Facebook Sues Devs of Alleged Data-Scraping Chrome Extensions

Facebook is suing two European developers for allegedly violating its terms of service by scraping user data.

Legal action has been filed in Portugal by Facebook and Facebook Ireland against two individuals working for application/extension development company Oink and Stuff.

The firm claims its software products, available for Chrome, Firefox, Edge, Opera and Android, have over one million active users.

However, the two misled users into downloading their Chrome extensions by claiming in a privacy policy that they did not collect any personal information, alleged Facebook director of platform enforcement and litigation, Jessica Romero.

She highlighted four extensions, Web for Instagram plus DM, Blue Messenger, Emoji keyboard and Green Messenger, that contained code which Facebook claims are malicious and effectively act like spyware.

“When people installed these extensions on their browsers, they were installing concealed code designed to scrape their information from the Facebook website, but also information from the users’ browsers unrelated to Facebook — all without their knowledge,” argued Romero.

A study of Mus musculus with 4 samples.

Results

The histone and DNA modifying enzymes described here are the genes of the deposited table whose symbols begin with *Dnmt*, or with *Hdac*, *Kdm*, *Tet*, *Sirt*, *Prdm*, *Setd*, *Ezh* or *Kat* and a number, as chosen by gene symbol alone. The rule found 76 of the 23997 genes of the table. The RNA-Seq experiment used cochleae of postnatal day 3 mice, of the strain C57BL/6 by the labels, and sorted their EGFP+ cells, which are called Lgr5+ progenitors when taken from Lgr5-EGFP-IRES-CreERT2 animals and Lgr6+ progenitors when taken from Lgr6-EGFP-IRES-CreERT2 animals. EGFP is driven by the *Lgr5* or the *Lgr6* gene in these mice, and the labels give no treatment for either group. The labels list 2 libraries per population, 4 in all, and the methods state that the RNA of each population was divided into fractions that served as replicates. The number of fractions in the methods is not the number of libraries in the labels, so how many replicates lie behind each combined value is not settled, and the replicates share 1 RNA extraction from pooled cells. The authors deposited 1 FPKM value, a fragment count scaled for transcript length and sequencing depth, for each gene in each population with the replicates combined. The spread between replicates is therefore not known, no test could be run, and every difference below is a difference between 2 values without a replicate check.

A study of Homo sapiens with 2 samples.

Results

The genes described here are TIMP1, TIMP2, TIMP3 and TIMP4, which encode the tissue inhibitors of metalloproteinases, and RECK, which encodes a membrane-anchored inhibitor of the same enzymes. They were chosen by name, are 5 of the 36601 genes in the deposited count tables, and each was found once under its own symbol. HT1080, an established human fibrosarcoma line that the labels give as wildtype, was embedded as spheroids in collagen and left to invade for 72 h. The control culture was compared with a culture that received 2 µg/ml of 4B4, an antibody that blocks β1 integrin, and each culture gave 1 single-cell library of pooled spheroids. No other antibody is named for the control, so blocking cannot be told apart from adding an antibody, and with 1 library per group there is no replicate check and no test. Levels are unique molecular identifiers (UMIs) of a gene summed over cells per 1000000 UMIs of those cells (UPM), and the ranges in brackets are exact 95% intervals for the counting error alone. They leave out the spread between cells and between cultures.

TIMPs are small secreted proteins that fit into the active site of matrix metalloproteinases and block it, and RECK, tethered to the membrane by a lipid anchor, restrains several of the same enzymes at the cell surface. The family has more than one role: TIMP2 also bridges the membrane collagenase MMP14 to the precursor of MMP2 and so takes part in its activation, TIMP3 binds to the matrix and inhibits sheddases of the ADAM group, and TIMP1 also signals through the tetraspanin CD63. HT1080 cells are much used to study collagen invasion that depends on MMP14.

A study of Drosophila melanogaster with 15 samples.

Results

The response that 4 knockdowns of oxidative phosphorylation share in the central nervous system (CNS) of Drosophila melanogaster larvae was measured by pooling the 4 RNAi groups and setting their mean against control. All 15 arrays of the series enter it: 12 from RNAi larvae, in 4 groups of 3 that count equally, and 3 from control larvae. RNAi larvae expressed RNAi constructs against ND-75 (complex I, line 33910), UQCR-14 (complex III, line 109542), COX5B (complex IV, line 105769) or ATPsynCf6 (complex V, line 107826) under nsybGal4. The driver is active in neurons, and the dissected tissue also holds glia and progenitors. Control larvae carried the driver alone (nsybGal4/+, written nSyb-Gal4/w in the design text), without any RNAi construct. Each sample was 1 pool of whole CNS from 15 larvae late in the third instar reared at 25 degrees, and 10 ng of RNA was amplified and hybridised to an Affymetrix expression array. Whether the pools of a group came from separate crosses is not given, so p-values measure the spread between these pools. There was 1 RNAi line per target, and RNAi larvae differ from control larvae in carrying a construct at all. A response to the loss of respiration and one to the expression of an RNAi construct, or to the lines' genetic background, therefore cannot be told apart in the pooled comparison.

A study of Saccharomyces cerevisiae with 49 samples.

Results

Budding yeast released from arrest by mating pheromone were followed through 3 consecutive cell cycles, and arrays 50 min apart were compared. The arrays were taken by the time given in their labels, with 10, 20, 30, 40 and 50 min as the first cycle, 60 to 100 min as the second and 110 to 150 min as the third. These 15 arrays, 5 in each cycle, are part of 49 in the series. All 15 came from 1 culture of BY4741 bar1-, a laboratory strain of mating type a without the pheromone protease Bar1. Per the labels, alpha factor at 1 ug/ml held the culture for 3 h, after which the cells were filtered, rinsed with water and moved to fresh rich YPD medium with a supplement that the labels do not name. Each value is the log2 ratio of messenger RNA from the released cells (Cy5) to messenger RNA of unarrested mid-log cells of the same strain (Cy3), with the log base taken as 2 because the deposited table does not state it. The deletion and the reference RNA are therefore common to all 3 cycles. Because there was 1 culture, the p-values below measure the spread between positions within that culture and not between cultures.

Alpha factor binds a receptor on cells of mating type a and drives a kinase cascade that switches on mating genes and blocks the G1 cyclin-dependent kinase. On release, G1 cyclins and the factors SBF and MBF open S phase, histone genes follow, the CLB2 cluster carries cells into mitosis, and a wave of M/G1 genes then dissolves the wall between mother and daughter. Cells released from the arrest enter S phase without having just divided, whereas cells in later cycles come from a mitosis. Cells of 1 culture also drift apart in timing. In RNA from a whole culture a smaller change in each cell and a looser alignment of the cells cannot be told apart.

“If the user visited the Facebook website, the browser extensions were programmed to scrape their name, user ID, gender, relationship status, age group and other information related to their account. The defendants did not compromise Facebook’s security systems. Instead, they used the extensions on the users’ devices to collect information.”

Facebook is seeking a permanent injunction against the defendants, demanding they delete all Facebook data in their possession.

This is just one of many cases brought by the social network against third parties it accuses of impacting user privacy, a push that began in earnest following the Cambridge Analytica scandal.

In September 2019, the firm revealed it had filed suits against LionMobi and JediMobi, two companies that used apps to infect users’ devices with click injection fraud malware, South Korean data analytics firm Rankwave and Ukrainians Gleb Sluchevsky and Andrey Gorbachov, who used quiz apps to scrape user data.